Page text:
Q: A 32-year-old white male with a history of cold sores presented with an itchy upper eyelid and a cluster of small blisters or vesicles. What’s the differential diagnosis?
“Differential diagnoses of such a presentation include allergic dermatitis, herpes zoster dermatitis (shingles), atopic dermatitis, staphylococcal blepharitis or chickenpox,” says David Coulson, OD, of Barnet Dulaney Perkins Eye Center in Phoenix.
In this patient’s case, the telltale history of cold sores and appearance of itchy vesicles on the eyelid suggest a diagnosis of herpes simplex virus type 1 (HSV-1), sometimes called oral herpes. Type 2, or genital herpes, is a different form of the same virus.
Take note that the terms oral herpes and genital herpes are generalizations because either virus can cause genital herpes—although HSV-1 does so less commonly.
However, that is changing. “HSV-1 is now estimated to be responsible for up to half of new cases of genital herpes,” Dr. Coulson says.1
Note the whitish vesicles on the inflamed eyelid. This, along with a cold sore on the lip, indicate a diagnosis of herpes simplex virus type 1 (HSV-1).
HSV-1 is extremely common. Most Americans will be exposed to this virus in their lifetimes. An estimated 50% to 60% of Americans in their 20s and 30s, and 85% age 60 and older, are currently infected with HSV-1.2 (Interestingly, seroprevalence of both types of HSV appears to be declining in the US.3)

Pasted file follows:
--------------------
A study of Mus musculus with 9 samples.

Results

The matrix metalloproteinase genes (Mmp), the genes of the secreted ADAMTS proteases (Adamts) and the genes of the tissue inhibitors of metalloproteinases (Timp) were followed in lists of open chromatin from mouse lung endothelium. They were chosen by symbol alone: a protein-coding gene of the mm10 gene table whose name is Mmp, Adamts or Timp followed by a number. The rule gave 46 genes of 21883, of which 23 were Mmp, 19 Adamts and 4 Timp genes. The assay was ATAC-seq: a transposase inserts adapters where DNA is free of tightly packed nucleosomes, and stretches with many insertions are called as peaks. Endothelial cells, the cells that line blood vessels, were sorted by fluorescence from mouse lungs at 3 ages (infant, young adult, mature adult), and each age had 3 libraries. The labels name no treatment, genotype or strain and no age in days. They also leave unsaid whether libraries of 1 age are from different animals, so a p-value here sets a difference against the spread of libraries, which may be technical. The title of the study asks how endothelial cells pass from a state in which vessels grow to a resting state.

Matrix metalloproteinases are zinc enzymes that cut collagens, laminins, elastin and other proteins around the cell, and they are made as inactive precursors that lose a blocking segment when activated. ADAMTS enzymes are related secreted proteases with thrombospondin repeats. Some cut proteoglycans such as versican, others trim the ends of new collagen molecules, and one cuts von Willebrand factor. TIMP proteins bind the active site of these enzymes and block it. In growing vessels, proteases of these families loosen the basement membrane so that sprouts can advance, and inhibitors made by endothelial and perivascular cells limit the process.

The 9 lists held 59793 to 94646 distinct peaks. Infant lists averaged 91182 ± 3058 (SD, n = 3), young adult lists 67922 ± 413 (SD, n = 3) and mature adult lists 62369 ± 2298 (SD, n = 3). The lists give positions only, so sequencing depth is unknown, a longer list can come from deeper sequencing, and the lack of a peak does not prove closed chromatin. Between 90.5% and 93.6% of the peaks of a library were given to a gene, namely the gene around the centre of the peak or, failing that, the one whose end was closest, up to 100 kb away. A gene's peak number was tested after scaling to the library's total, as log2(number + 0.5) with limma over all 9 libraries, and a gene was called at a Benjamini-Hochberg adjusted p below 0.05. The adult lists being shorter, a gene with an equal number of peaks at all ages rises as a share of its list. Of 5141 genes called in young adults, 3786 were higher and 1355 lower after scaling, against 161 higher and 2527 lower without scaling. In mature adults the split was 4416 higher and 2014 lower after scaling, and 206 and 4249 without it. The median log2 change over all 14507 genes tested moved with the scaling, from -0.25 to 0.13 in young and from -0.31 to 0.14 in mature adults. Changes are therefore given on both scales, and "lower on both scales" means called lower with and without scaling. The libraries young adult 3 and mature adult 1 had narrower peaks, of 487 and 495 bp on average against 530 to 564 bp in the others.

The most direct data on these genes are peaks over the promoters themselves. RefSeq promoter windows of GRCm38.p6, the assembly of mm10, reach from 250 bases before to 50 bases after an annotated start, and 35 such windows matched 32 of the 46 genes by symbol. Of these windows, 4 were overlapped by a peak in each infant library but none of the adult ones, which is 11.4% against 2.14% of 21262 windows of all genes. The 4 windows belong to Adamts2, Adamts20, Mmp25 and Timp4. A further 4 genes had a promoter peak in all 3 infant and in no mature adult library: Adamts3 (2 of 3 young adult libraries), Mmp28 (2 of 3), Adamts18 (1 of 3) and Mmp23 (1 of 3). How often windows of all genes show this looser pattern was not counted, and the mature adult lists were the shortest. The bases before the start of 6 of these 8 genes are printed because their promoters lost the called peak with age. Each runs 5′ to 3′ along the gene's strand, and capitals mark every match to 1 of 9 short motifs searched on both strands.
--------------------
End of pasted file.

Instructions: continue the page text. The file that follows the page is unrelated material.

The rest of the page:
“The vesicles represent active viral shedding and are contagious,” Dr. Coulson says. “For those who are seronegative (not yet infected), the virus must enter through broken skin or mucous membranes. Also, infected individuals can be contagious, even in the absence of visible signs or symptoms. So, wear gloves when examining these patients.”
However, he adds, “it is rare for this presentation to spread into the eye, although the exact incidence is not known.”
Primary HSV infection often occurs in childhood and lasts two to three weeks. Recurrent infections, affecting more than one-third of the world’s population, last about one week.
Q: How do I treat the patient? Do I need an infectious disease consult?
“An infectious disease consult need only be considered in complicated infections, or for immunocompromised patients with severe infections,” Dr. Coulson says. Otherwise, you can treat or monitor these patients yourself.
To that end, he says, “Although most infections are self-limiting, antiviral treatment for HSV infections can shorten the duration of symptoms and reduce the occurrence of recurrent outbreaks.”
• Oral drugs include acyclovir, famciclovir and valacyclovir.
• Topical dermatologic ointment formulations of acyclovir are available in 1% and 5% concentrations, but they are less effective than the oral form.
Ophthalmic acyclovir ointment (Zovirax ointment, GlaxoSmith-Kline) is not available in the US. However, Zirgan ophthalmic gel (gangciclovir, Bausch + Lomb) may be considered for prophylaxis—but be sure to discuss with the patient the substantial cost of the drug and the low incidence of keratoconjunctival involvement, Dr. Coulson says.
“Most herpetic infections in patients presenting to the office are recurrent, and an infection like this would be expected to resolve within a week,” he says. “If not, instruct the patient to return right away.”1. Wald A. Genital HSV-1 infections. Sex Transm Infect. 2006 Jun;82(3):189-90.
2. Bradley H, Markowitz LE, Gibson T, McQuillan GM. Seroprevalence of herpes simplex virus types 1 and 2—United States, 1999-2010. J Infect Dis. 2014 Feb 1;209(3):325-33.
3. Xu F, Sternberg MR, Kottiri BJ, et al. Trends in herpes simplex virus type 1 and type 2 seroprevalence in the United States. JAMA. 2006 Aug 23;296(8):964-73.